Officials in cities around Minnesota are concerned about a recommendation from the state auditor that local government aid to cities be cut by 42 percent. Some cities depend on the annual state aid to pay for essential services. Auditor Pat Awada claims that LGA money is often used for services she terms non-essential, such as libraries and parks. Other cities say the LGA formula should be reworked to be more fair.

St. Paul, Minn. — Minnesota Auditor Pat Awada is recommending a 42 percent cut in local government aid to cities. Awada said Monday the state could erase nearly 12 percent of its $4.2 billion deficit in fiscal years 2004-05 by cutting the aid, also known as LGA. Last year, the state spent $565 million on LGA. The proposal would cut aid to 103 cities.

Awada, a Republican, argues that the program has subsidized excessive spending and lower taxes for certain cities at the expense of others. In a special report released by her office Monday, Awada divided all spending by cities between essential and nonessential services.

She found higher levels of spending on nonessential services, which include such things as parks, libraries and anti-poverty efforts, among those that receive more state aid. She defined essential services as general government, public safety and roads.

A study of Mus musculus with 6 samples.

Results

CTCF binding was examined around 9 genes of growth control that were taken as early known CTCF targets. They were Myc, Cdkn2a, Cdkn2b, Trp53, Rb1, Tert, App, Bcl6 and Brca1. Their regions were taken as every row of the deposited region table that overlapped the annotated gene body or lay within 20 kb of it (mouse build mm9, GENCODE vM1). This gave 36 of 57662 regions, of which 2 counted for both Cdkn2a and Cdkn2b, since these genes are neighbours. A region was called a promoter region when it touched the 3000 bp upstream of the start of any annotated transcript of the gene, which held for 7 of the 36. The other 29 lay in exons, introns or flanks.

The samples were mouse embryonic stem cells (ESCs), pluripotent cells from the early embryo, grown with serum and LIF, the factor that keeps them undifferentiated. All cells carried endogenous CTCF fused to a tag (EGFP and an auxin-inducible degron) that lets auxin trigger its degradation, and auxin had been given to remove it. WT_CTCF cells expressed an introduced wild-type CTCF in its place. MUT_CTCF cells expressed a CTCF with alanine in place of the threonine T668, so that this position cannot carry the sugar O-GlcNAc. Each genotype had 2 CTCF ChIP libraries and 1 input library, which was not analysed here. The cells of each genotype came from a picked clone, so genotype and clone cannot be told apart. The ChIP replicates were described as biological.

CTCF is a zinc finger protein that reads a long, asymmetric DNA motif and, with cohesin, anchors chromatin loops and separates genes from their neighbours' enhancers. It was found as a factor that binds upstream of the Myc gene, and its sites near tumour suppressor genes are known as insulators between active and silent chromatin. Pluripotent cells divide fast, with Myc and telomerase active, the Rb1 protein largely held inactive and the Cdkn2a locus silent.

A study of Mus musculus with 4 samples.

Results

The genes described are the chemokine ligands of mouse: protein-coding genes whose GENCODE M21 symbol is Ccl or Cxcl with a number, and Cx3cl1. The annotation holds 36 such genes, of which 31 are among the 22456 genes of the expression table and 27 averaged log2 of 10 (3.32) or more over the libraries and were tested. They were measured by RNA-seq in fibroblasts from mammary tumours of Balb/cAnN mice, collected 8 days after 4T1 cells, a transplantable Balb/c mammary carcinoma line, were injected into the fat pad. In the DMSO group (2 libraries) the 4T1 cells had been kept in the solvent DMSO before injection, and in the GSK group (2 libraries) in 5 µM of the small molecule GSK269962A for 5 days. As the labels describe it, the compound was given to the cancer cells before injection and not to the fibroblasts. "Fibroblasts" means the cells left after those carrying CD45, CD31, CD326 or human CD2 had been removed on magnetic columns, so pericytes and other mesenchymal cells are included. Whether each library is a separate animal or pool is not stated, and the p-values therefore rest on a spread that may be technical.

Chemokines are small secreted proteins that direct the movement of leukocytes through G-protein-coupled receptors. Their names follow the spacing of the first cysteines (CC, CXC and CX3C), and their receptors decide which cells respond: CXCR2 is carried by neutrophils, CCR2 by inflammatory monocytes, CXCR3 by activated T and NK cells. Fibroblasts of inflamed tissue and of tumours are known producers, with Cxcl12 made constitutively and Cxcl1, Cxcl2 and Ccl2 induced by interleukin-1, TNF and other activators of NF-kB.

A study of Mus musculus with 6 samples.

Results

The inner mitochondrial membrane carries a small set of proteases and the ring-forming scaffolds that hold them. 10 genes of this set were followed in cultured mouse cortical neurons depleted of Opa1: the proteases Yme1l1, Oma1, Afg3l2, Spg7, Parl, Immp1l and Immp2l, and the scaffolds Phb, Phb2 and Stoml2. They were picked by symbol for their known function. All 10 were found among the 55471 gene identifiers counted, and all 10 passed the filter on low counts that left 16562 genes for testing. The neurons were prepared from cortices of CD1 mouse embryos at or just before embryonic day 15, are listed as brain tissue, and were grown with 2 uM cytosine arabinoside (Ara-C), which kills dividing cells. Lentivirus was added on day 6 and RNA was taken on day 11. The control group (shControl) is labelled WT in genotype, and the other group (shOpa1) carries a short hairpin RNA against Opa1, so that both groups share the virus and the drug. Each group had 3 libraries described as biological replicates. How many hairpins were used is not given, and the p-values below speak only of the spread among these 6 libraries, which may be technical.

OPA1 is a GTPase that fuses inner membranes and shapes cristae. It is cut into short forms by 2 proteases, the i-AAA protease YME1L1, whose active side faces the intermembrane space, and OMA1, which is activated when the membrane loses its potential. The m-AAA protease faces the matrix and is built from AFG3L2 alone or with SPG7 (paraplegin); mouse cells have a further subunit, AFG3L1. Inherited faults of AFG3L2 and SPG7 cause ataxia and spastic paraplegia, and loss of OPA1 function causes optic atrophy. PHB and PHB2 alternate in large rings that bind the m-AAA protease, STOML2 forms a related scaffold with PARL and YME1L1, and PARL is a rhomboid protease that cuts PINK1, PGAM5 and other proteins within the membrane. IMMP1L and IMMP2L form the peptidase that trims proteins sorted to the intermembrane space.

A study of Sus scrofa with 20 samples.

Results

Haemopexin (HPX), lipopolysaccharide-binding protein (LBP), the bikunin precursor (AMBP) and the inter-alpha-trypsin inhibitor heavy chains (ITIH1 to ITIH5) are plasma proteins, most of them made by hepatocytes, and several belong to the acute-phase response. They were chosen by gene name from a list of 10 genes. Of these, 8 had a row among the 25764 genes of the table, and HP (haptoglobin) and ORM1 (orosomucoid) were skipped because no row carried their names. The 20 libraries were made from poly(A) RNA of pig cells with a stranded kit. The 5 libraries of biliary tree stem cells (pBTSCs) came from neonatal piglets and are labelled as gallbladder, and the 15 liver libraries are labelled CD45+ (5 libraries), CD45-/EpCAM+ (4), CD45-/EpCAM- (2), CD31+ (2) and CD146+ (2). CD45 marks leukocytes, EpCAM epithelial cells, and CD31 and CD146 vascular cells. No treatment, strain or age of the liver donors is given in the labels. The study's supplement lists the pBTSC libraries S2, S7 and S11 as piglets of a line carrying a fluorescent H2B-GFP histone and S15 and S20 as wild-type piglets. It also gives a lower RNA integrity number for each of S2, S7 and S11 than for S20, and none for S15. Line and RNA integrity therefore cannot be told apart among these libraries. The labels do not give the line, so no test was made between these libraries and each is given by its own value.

Minneapolis, St. Paul and Duluth, three of Minnesota's four largest cities, would bear two-thirds of the cuts.

The mayor of St. Cloud, John Ellenbecker, takes issue with Awada's definition of essential and non-essential services. He says his city would lose up to $7 million if the cuts went through.

The Municipal Legislative Commission has a different take on the necessity of LGA. The commission represents 11 Twin Cities suburbs which receive little or no LGA. The organization's Tom Poul says his group would like to see the LGA formula changed to make it more fair.

MPR's All Things Considered host Lorna Benson spoke to Ellenbecker and Poul.

Local government aid was created in 1971, essentially to guarantee that people wouldn't be driven out of certain areas of the state - dominated by smaller, older and poorer cities - because local property taxes became so high.

The plan would cut about $244 million, based on 2002 numbers.

The system was overhauled in 1992 to account for changes in demographics, but all the cities receiving money were grandfathered in at previous levels.

These days, the state considers four factors in setting a city's aid: percentage of homes built before 1940, percentage of commercial/industrial property, population decline over the last decade and population.